Let us tame road carnage


It is quite sad to note that we continue to lose innocent lives on our roads through accidents, some of them avoidable. No matter how much we talk about it or we encourage those on the roads to be responsible, the move seems to be having the opposite effect.

Over the past few weeks, we have lost people while many others got injured through road accidents. In Blantyre near Clock Tower roundabout, over 20 people were injured and rushed to Queen Elizabeth Central Hospital following an accident involving a minibus whose driver, we are told, was allegedly trying to dodge traffic police. Elsewhere, 10 people died on the M1 Road after a bus they were travelling in was involved in an accident in Kasungu while another person, who was fixing a truck that had a breakdown in Karonga, was killed after the stationery truck was hit by a bus with several passengers on board. That is not all; 14 people died in Chikwawa when a speeding lorry they were travelling in hit another vehicle and veered off the road onto a dangerous slope. If you are not alarmed with all this, then you must really be made of stronger metal.

Perhaps by putting a face to it, some of the megalomaniacs who drive as if they have bought a one-way ticket to hell can begin to think twice and drive responsibly on the roads, even if not for their sake but for the sake of other road users. In the Chikwawa accident, for example, we are told headmasters of three community day secondary schools, who were on their way back from a seminar, were among the casualties. How do you begin to recover from that? Not only have schools lost some of their administrators but families have equally lost their breadwinners.


This should be a timely wake-up call to everyone on the roads to play their part in helping avoid accidents. There are times when nothing could have been done but then there are also moments whereby you are left feeling guilty that an accident was avoidable.

Let me also appeal to the authorities (traffic police, Directorate of Road Traffic and Safety Services) to strictly enforce the rules and regulations when on the roads. They must, at all times, play by the book and not try to intimidate the road users because sometimes it is because drivers are scared or jittery that they end up causing accidents.

In the same breath, motorists should not be seen to apply the rules and regulations only when the law enforcers or DRTSS officials are in sight. We must remember that life is too precious and it is irreplaceable. Should we, then, cry foul when the authorities start taking a hardline, such as imposing hefty penalties, since most of us are not ready to play our role? We must tame road carnage once and for all.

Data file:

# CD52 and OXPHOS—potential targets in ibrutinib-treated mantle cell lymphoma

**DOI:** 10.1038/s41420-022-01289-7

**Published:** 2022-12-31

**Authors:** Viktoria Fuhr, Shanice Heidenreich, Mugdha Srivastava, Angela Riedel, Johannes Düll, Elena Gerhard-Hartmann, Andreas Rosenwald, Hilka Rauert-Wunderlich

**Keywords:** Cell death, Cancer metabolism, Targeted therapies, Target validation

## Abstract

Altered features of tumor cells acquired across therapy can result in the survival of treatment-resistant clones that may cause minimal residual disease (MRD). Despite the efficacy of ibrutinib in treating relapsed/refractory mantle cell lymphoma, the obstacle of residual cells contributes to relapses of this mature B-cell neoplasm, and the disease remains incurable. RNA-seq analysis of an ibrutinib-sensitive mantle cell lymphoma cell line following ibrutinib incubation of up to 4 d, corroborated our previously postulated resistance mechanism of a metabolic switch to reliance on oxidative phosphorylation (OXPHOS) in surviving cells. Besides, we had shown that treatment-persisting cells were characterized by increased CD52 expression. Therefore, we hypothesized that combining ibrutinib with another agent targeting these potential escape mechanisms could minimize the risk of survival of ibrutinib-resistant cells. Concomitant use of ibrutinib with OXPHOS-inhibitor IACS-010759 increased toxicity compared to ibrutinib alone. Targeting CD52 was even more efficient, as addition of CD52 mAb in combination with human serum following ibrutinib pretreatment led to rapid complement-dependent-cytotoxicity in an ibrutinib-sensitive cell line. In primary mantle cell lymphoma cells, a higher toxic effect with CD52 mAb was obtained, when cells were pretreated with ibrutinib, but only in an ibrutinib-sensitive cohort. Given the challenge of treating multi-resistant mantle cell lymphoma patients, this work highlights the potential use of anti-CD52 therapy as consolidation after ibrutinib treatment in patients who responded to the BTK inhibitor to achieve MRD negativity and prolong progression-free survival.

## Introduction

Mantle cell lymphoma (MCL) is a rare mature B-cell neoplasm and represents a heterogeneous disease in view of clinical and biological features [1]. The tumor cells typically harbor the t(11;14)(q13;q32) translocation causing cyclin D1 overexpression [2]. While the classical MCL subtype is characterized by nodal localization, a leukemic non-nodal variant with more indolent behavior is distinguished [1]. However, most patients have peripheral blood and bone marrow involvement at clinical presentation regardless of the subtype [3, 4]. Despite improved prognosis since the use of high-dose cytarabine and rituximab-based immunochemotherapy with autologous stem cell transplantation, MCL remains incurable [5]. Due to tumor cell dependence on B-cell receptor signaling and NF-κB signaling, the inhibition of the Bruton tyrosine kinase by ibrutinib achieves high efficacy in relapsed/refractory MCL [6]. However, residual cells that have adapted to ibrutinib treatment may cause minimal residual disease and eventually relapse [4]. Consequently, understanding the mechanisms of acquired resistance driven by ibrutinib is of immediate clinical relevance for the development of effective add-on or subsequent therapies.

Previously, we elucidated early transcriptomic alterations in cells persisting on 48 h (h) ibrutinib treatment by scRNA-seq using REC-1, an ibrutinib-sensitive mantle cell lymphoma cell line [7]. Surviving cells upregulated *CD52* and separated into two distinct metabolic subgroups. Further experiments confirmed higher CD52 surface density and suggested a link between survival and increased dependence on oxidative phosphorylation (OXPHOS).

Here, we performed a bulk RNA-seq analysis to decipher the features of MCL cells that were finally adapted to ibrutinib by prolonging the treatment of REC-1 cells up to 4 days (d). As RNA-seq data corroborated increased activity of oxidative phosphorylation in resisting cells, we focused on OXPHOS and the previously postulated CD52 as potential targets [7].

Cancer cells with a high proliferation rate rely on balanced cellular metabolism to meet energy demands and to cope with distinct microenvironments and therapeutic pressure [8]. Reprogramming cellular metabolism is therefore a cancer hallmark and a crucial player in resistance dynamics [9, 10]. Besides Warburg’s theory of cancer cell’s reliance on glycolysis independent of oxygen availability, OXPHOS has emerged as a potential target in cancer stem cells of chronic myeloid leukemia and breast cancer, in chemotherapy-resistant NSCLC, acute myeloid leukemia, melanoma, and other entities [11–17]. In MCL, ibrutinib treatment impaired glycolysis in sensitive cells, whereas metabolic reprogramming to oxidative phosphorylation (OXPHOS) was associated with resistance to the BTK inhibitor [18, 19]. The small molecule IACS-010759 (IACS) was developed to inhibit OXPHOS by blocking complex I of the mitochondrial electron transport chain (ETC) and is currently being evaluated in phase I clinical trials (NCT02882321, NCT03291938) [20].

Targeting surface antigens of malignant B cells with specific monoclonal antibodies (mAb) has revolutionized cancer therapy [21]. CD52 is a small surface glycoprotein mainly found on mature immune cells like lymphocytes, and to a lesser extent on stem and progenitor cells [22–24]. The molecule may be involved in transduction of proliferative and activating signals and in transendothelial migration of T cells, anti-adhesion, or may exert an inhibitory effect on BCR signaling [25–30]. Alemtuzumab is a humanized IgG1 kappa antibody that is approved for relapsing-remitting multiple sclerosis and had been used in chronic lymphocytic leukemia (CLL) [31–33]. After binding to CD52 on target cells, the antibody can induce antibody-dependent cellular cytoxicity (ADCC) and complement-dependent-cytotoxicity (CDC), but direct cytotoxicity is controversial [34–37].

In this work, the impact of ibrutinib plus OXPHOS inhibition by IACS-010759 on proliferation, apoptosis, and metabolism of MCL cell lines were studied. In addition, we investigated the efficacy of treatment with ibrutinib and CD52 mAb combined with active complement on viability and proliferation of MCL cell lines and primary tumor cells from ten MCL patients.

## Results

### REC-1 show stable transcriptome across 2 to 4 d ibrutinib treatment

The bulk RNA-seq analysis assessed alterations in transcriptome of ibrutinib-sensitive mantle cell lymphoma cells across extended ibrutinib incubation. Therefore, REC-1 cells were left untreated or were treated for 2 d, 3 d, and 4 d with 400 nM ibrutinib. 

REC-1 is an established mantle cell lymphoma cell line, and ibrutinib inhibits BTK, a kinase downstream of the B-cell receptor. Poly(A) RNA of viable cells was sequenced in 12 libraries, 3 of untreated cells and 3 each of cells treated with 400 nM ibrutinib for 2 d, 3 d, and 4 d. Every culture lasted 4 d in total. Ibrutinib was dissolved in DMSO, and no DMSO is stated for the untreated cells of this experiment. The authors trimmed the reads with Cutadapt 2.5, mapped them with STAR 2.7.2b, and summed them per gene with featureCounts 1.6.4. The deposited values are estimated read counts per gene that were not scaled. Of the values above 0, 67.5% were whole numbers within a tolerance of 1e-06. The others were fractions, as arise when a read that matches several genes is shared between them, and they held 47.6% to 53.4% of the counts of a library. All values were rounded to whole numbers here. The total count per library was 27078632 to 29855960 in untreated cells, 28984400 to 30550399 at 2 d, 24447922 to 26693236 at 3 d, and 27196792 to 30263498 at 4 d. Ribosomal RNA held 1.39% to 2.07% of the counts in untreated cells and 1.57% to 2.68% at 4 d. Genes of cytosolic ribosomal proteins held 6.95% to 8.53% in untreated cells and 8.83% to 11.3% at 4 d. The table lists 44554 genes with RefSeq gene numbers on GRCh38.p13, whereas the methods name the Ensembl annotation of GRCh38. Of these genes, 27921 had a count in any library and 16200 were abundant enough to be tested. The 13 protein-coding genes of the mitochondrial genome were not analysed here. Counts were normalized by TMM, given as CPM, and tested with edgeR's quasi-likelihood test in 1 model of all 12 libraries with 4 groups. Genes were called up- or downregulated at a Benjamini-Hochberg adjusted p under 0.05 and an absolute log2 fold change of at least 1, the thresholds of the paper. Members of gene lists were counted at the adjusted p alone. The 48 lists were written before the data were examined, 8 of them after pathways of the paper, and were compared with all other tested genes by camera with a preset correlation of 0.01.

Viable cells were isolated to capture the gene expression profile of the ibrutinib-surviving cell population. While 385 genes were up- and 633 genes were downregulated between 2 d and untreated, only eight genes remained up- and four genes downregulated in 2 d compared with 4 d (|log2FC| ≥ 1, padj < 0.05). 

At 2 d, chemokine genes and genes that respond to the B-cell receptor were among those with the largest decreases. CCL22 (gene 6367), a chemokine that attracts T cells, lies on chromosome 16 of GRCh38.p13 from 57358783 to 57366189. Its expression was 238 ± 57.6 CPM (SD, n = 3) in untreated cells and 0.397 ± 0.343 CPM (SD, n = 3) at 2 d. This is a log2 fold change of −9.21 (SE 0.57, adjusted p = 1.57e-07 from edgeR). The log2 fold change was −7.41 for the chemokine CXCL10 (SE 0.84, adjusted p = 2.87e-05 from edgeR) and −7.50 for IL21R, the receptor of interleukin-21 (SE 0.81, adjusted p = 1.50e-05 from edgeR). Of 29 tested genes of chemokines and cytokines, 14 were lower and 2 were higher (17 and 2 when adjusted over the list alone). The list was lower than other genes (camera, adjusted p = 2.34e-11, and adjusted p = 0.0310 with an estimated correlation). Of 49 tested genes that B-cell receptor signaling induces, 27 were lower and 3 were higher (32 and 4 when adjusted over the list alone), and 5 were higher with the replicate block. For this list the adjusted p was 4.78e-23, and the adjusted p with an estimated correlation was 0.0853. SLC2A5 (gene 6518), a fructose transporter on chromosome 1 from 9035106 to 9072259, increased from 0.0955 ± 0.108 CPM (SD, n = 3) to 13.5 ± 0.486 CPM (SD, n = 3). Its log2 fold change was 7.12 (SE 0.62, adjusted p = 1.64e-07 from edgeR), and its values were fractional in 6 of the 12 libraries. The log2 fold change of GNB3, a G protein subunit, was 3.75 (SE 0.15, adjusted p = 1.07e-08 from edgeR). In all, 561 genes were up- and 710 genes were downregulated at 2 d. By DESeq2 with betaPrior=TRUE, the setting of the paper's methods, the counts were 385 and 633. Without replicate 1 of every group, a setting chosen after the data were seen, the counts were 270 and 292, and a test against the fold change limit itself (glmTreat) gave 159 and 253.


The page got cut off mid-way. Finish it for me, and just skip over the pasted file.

They never saw Kachamba coming

For so long, some groups (sadly, they include public agencies) purporting to have the best interests of the youth, went round the country trying to convince every Jack and Jim that they have the answer to the problem of unemployment in the country and hold the magical wand to creating business and job opportunities. Some of them have even handed out what they called ‘starter packs’ to the would-be beneficiaries so that they can launch their entrepreneurial careers but many of such ventures have actually died in the offing since they were left to their toys with no clear guidelines.

Well, they never saw one Kondwani Kachamba Ngwira coming. Since his recent ground-moving ‘skills transferring training’ in Lilongwe, it appears the move has ‘jump-started’ a number of entrepreneurial careers (whether real or simply out of excitement). He has been sharing ‘testimonies,’ through his social media page, of those who wasted little time in putting his production formulas to test. Others are making confectionaries, toiletries and while we are at it, there are some in the engineering field who are allegedly using their ingenuity to come up with much affordable medium-sized machines.

It is good, for once, to see how Malawians are riding on this Kachamba euphoria and he certainly must be doing something right. I hope those who have fared miserably in trying to pull off similar initiatives are taking notes.

It is quite frustrating to see our country continuously struggling to come up with local products that can ably compete, not even at the global stage but on the domestic market. I doubt if we would come out successful if we were to be given a supply quota for each Malawi-made product we have around.